Yemen’s under-15 football team won the West Asian Junior Championship on Monday by beating hosts Saudi Arabia 4-3 on penalties. Back home in the war-torn country, thousands poured onto the streets across various cities in celebration, in a rare display of national unity.
Warm congratulations #Yemen's juniors football ⚽️ team for winning the West Asian U15 Boys Championship 2021. Heartwarming to see the unity, joy and celebrations across the country. @waffootball pic.twitter.com/Kjl75nFWfB
— @OSE_Yemen (@OSE_Yemen) December 13, 2021
Congratulations to #Yemen and its juniors football team for winning the West Asian Junior Championship 2021! The outstanding performance and high team spirit have given hope to #Yemenis and united them in celebrations throughout the country and beyond. pic.twitter.com/QYN0XrSNT5
— EUinYemen (@EUinYemen) December 13, 2021
Jubilation erupted from north to south in the divided country, which has been ravaged by internal conflict and a Saudi-led war for the past seven years. Footage on social media shows people celebrating by firing live bullets, honking car horns and letting off fireworks with many chanting “With our souls, and blood, we will redeem you, Yemen”.
— Basha باشا (@BashaReport) December 13, 2021
One Yemeni sports journalist, Salah Al-Amari, told Arab News that “Yemenis today forgot their differences to celebrate victory. They fired weapons not to kill each other, but in celebration of this achievement.”
My sister just sent to me and it was the most beautiful thing I’ve seen today. It’s not just a bout a team winning a soccer game. It’s a breather, it’s hope, it’s longing for happiness. It’s a stolen moment of peace Congratulations #yemen pic.twitter.com/nx0CUYt8mZ
— Thana Faroq (@Thanafaroq) December 13, 2021
Saudi Arabia has led a coalition of mainly Arab armies to strike Yemen, claiming it is working to drawback Houthi gains in the north of the country and reinstate the internationally-backed government. The war has killed more than 100,000 people and pushed millions to the brink of famine, according to the United Nations (UN) official data.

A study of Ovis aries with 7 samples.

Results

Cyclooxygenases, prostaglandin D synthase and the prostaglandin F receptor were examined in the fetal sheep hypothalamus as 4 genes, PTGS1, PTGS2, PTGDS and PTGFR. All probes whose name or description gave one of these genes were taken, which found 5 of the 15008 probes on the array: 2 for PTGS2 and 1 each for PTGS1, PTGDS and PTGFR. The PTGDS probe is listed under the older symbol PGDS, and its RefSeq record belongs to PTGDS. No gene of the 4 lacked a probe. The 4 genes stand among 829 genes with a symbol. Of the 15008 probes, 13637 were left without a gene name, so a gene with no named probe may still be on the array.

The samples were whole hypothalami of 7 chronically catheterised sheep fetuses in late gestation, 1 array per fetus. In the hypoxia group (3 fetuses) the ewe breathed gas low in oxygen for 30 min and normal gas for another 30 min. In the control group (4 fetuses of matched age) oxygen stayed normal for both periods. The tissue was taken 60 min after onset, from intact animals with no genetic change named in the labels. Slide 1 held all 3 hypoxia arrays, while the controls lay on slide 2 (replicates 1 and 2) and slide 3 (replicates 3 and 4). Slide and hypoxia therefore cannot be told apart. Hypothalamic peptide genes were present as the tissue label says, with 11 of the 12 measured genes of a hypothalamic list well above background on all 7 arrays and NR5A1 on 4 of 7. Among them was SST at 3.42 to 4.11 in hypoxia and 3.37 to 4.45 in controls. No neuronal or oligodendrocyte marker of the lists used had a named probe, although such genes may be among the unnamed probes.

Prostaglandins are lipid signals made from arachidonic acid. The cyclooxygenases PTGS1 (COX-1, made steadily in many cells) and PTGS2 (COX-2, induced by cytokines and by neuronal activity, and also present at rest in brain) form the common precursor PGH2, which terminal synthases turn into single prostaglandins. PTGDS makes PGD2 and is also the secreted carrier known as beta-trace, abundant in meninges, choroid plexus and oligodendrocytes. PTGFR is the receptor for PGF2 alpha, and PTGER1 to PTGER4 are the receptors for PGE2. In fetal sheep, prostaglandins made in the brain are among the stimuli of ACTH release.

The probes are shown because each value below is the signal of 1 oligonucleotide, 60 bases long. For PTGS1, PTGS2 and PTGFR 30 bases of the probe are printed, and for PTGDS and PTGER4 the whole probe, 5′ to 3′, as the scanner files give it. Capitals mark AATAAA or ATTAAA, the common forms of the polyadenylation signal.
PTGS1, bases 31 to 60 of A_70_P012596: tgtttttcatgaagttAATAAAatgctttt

Bassam Hasan Alqahtani, 24, a pharmacist in Sanaa, went to a stadium with dozens of his friends to watch the game, which took place in Saudi Arabia, broadcast on big screens. “The whole atmosphere was amazing,” he said. For him, beating Saudi Arabia added more significance to the win. “Our happiness is two: one for winning the cup and the second for winning against Saudi Arabia,” he said.
The celebrations following the win were, however, marred by tragedy in the capital Sanaa, currently under the control of the Houthi-led, de facto government. At least five people were killed, including a young girl with hundreds injured following stray bullets from celebratory gunfire.
There was also controversy on the pitch during the tournament. In the closing minutes of the semi-finals against Syria, which Yemen won 2-1, Syria’s goalkeeper coach Louay Othman slapped one of the Yemeni players during a confrontation with a Syrian player after the ball went out of play. The incident sparked outrage on social media and led to Othman being suspended until further notice and a statement issued by the Syrian Football Federation condemning his action. Footage shared online later showed the Syrian team’s delegation apologising to their Yemeni counterparts and congratulating them on the victory.